Is this wall is load bearing (with pics)?

Old 03-19-06, 06:38 AM

Hi,

We're in the middle of a bathroom remodel and are trying to determine for sure whether the doorway is part of a load bearing wall. The contractor is certain it isn't but I would like other opinions.

In the hallway were the bathroom door and a small closet, we want to make it one large frame to install a pocket door. The contractor removed the vertical beam between the doors since he didn't think the wall was load bearing.

Reasons why it seems the wall could be load bearing:
- In the attic, the joists overlap on top of this wall.
- The frame itself (you can see in the pics) seems to indicate a load bearing frame- double 2x6s (with plywood sandwiched between) and crumple studs

Reasons why it might not be:
- There were no jack studs in the doorways
- the middle post (which was removed) was resting on a plywood lip between joists (see the pic), which hardly seems designed to support the weight of this post.

The house was built in the mid to late 70s. Any thoughts?

http://wavearts.com/Rob/images/top.jpg
http://wavearts.com/Rob/images/left.jpg
http://wavearts.com/Rob/images/right.jpg
http://wavearts.com/Rob/images/whole.jpg

During demo, the base of the post:
http://wavearts.com/Rob/images/base.jpg

Thanks,
Rob
 
Old 03-19-06, 07:20 AM
 
  #3  
Old 03-19-06, 07:42 AM

Is it possible to post an attic pic?
 
  #4  
Old 03-19-06, 08:23 AM
Is the roof stick built or a truss system? If you have trusses it is unlikely that it is load bearing.

Is it possible to post an attic pic?
Thanks for the replies. I just took a few pics of the attic, above the bathroom area. Note the overlapping joists, which are right above the wall in question. The insulation was temporarily moved aside to do the electrical/vent work.

http://wavearts.com/Rob/images/attic1.jpg
http://wavearts.com/Rob/images/attic2.jpg
http://wavearts.com/Rob/images/attic3.jpg
http://wavearts.com/Rob/images/attic4.jpg

Thanks,
Rob
 
  #5  
Old 03-19-06, 09:00 AM

If the house is a "standard" mid 70's bi-level, one of the hallway walls is load bearing, the other one isn't. I have one, and the load bearing wall is 2x4, the other side of the hallway that isn't load bearing is only 2x3 framing.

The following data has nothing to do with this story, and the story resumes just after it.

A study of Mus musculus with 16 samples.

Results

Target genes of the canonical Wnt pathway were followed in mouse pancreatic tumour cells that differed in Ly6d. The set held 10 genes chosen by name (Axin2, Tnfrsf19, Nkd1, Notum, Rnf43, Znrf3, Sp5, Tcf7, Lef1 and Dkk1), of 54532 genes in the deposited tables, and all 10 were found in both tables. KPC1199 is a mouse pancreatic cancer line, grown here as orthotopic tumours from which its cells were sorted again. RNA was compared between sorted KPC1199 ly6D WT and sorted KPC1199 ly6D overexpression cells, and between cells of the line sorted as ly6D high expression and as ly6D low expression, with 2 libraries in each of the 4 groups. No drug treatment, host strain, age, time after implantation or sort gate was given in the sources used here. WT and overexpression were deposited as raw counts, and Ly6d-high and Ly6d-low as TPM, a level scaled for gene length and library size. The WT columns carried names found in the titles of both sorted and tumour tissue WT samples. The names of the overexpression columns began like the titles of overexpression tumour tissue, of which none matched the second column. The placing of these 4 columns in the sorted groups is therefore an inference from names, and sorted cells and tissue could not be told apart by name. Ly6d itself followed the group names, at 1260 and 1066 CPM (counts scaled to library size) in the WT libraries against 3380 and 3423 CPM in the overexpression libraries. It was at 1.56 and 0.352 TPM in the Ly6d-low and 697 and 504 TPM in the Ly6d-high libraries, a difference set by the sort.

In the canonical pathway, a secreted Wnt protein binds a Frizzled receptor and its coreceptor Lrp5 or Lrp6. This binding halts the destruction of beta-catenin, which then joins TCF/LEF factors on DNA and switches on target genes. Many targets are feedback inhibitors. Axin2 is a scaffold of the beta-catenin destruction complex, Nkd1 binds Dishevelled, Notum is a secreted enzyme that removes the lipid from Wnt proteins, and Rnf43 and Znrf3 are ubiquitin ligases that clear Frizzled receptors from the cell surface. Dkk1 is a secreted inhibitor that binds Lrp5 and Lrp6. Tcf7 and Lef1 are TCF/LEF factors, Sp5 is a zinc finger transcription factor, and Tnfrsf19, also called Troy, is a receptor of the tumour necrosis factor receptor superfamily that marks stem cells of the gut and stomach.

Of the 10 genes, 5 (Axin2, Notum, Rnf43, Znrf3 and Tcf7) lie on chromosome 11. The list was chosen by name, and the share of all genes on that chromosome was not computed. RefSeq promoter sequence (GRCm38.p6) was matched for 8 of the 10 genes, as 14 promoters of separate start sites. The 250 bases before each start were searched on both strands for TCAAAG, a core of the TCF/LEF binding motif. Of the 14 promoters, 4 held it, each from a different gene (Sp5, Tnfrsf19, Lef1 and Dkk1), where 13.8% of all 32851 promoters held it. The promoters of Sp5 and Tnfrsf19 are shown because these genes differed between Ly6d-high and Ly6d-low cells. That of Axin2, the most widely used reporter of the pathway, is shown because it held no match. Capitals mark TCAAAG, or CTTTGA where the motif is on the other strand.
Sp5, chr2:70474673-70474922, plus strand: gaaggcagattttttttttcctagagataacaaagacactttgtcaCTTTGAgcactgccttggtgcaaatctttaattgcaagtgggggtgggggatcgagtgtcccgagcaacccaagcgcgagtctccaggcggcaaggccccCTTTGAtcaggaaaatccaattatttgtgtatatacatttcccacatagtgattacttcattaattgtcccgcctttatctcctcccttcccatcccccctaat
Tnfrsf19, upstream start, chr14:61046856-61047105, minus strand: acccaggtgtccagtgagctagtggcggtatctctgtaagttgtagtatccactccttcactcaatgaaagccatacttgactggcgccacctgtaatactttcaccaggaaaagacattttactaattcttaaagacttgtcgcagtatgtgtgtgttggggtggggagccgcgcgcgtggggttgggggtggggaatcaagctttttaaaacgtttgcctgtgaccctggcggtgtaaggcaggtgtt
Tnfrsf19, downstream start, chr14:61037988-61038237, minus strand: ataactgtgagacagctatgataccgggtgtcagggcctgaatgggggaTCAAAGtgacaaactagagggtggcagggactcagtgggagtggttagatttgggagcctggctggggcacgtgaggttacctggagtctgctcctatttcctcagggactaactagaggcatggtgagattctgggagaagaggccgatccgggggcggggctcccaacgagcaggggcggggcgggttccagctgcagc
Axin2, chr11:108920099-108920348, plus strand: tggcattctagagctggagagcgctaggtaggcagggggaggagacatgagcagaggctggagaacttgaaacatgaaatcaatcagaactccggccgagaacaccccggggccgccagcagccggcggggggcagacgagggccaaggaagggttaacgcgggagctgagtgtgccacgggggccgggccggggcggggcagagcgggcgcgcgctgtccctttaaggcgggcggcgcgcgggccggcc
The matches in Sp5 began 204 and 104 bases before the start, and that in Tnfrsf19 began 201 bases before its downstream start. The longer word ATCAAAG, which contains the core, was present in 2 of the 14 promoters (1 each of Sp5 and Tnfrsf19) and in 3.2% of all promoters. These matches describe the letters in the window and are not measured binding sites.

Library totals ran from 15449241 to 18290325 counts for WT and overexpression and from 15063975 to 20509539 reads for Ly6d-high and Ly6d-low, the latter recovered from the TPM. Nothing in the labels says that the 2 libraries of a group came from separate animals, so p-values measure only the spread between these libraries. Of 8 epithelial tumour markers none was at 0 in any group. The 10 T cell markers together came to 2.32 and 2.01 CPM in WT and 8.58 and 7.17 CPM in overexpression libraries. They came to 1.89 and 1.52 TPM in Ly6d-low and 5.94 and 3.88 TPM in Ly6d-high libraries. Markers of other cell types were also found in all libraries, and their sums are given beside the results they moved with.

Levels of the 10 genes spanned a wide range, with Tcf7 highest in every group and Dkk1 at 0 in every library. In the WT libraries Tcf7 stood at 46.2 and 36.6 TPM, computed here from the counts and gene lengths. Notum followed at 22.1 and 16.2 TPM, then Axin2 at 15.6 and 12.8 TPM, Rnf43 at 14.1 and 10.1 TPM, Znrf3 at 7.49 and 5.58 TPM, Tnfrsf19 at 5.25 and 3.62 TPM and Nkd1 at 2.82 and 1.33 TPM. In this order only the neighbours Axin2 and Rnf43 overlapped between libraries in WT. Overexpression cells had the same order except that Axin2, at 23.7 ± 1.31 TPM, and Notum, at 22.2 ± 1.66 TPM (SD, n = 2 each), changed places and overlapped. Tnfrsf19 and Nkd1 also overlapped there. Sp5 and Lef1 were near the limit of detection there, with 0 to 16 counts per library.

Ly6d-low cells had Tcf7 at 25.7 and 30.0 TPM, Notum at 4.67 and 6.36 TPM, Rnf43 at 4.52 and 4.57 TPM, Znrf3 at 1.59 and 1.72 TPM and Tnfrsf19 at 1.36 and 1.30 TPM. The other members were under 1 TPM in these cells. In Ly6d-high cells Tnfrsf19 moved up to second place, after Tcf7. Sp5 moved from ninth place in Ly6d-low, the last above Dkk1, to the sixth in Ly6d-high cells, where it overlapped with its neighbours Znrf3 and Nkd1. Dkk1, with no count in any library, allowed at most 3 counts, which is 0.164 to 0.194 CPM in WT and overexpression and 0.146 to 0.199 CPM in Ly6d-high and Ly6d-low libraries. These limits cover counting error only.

Although the kicker is that the ends of each joist stop just beyond the wall framing, so that wall has to be supporting the end of the joist in some fashion.

That center post looked pretty beefy to not be holding up anything. Although the support was resting on a plywood joint, the plywood may have bracing below to add support between those two joists.

My .02. I hope this helps
 

Last edited by MudSlinger; 03-19-06 at 09:14 AM.
  #6  
Old 03-19-06, 09:09 AM
 
  #7  
Old 03-19-06, 09:17 AM
 
  #8  
Old 03-20-06, 06:16 AM

Given that this wall needs to be treated like it's load bearing, and a new header needs to be put in supported by jack studs, any thoughts on whether the right part of the frame needs to be replaced with one vertical 2x4 (i.e. where the frame ends and the HVAC return begins):

http://wavearts.com/Rob/images/right.jpg

I assume the jack stud would then go just to the left of this with the end of the new header resting on top.

And for that matter, when a new header is put in, will it be necessary to brace the ceilling during header installation (since it doesn't seem like it's been supported properly for the past 30 years anyways)?

Thanks,
Rob
 
  #9  
Old 03-20-06, 07:22 PM

I think the framing forum would be the better people to direct you as to the proper way to do your project. Although I have ways that I would do it, they may be able to give you a few more solid ideas that would give you exactly what you need to know given the pocket door you want to install.

I hope this helps. Good luck.

Thanks for asking questions too... we would rather read your posts here frequently, than see your name once on the evening news!